Some close calls are enough to keep you awake at night, especially if they concern huge chunks of flaming rock smashing into the planet.

Astronomers marked one such close shave at the weekend after an asteroid larger than a Blue Whale whizzed between the Earth and the moon - a hair's breadth in astronomical terms.

Brazilian sky watchers had only just discovered the asteroid, called 2016 QA2, the day before it zoomed by within 80,000 km of Earth.

That's less than a quarter of the distance between Earth and the moon.


Astronomers at the Sonear observatory in Brazil discovered the rock on Saturday 27th August, and estimate its size to be between 25 and 55 metres.

The upper end of the range would make it far larger than the object which exploded over Chelyabinsk in Russia in 2013, smashing windows and injuring more than 1,000 people.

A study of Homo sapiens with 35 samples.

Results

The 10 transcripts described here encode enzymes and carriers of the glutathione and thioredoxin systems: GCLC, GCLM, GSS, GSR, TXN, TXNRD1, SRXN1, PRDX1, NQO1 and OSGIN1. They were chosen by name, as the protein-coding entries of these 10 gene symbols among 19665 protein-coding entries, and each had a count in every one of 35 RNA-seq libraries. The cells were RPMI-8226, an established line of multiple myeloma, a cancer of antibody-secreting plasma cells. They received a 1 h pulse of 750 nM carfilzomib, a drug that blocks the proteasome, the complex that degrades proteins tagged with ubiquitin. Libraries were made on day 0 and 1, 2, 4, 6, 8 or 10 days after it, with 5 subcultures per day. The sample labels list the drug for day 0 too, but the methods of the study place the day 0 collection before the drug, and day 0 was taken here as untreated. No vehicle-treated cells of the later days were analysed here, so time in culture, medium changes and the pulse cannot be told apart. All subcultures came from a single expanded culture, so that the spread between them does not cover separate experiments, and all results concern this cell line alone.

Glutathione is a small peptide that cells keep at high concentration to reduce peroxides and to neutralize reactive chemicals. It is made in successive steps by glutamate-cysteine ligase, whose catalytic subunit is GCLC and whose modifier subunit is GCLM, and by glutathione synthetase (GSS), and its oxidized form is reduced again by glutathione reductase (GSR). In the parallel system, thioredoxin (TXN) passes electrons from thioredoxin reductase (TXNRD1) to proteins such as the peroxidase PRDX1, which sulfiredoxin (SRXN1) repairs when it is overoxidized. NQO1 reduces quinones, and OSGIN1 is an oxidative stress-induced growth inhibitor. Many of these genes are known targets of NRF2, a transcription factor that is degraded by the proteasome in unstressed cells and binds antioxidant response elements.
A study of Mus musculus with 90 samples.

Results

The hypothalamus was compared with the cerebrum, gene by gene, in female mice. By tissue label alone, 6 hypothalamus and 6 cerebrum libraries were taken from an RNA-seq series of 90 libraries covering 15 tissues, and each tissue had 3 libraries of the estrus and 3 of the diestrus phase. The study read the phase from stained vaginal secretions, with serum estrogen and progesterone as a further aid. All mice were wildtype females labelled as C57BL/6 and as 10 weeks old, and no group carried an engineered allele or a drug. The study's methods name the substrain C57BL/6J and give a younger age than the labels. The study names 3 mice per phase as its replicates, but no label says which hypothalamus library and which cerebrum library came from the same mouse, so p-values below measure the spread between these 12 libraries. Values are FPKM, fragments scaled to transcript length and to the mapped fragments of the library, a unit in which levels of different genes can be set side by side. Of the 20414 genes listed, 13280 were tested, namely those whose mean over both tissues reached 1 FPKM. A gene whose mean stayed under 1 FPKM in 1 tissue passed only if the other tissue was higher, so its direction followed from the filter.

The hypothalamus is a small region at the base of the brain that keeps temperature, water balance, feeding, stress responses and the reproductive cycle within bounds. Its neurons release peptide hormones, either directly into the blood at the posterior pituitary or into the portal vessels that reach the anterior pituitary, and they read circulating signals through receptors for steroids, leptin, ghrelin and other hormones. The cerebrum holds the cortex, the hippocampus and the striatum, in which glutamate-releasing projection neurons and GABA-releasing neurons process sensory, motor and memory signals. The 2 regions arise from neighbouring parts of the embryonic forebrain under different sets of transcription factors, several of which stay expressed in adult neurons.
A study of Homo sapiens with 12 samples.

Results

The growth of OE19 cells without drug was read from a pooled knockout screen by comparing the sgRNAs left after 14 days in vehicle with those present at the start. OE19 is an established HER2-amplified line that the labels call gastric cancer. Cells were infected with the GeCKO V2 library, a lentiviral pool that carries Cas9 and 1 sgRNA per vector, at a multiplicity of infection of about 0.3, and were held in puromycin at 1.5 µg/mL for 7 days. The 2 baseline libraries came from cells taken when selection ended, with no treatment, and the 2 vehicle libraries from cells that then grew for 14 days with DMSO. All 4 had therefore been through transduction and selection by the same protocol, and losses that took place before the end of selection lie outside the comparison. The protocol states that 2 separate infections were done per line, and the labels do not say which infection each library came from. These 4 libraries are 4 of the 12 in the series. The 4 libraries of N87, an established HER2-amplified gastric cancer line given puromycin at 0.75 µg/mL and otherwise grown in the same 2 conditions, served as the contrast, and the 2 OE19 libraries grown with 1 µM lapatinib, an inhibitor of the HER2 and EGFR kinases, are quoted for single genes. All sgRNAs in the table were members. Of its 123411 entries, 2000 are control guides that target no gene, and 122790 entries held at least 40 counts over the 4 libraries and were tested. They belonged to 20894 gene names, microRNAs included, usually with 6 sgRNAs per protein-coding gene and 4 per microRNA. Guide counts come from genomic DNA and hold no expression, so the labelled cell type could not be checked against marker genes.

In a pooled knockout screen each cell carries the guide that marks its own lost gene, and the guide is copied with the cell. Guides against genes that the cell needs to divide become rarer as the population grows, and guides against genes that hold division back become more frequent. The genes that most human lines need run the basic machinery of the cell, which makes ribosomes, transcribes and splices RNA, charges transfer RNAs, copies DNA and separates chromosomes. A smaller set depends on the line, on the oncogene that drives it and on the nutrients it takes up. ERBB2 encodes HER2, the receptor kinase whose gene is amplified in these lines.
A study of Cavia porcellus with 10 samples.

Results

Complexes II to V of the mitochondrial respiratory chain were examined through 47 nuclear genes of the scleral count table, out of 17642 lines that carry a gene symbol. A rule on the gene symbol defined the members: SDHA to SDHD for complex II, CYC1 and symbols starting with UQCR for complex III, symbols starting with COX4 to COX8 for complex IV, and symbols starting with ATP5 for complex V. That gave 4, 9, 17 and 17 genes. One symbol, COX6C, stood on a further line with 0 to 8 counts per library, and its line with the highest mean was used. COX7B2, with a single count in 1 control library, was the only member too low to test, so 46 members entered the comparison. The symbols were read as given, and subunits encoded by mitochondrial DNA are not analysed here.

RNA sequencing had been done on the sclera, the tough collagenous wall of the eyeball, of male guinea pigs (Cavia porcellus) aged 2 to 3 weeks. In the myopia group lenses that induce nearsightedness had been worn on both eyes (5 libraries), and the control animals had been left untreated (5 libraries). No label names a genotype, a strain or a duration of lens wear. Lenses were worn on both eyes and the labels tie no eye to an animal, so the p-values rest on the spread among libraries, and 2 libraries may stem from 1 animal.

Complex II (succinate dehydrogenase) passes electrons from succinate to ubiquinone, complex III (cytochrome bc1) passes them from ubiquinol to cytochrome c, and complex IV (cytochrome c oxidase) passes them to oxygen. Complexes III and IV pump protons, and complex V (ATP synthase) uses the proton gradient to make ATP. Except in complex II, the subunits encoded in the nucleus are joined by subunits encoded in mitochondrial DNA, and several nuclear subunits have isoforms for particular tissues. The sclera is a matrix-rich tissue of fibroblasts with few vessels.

The team at Sonear believes the asteroid has been travelling in an elliptical orbit around the sun, completing a lap of the star approximately once every 350 days.

But its orbit is more elliptical than Earth's, sending it slightly further out from the sun - around 1.2 times the distance from the Earth to the sun.

A network of telescopes is trained on the skies to watch for asteroids coming within striking distance of Earth.

While the majority of these near Earth objects (NEOs) pose little real threat to us, but astronomers are closely monitoring a number which are potentially hazardous.

An object the size of 2016 QA2 - as named by the Minor Planet Center - would certainly do significant damage at the local scale, it wouldn't be enough to wipe out civilisation.

For comparison, the rock which caused the Chicxulub crater - believed to be responsible for the demise of the dinosaurs - was about 10km across.

But the rock which hit Tunguska in Siberia in 1908, scorching forest and flattening trees across thousands of square miles, is believed to have been between 60 and 190 metres wide.

According to, an asteroid would need to be of larger than 1 km wide to have the force to wipe out humanity.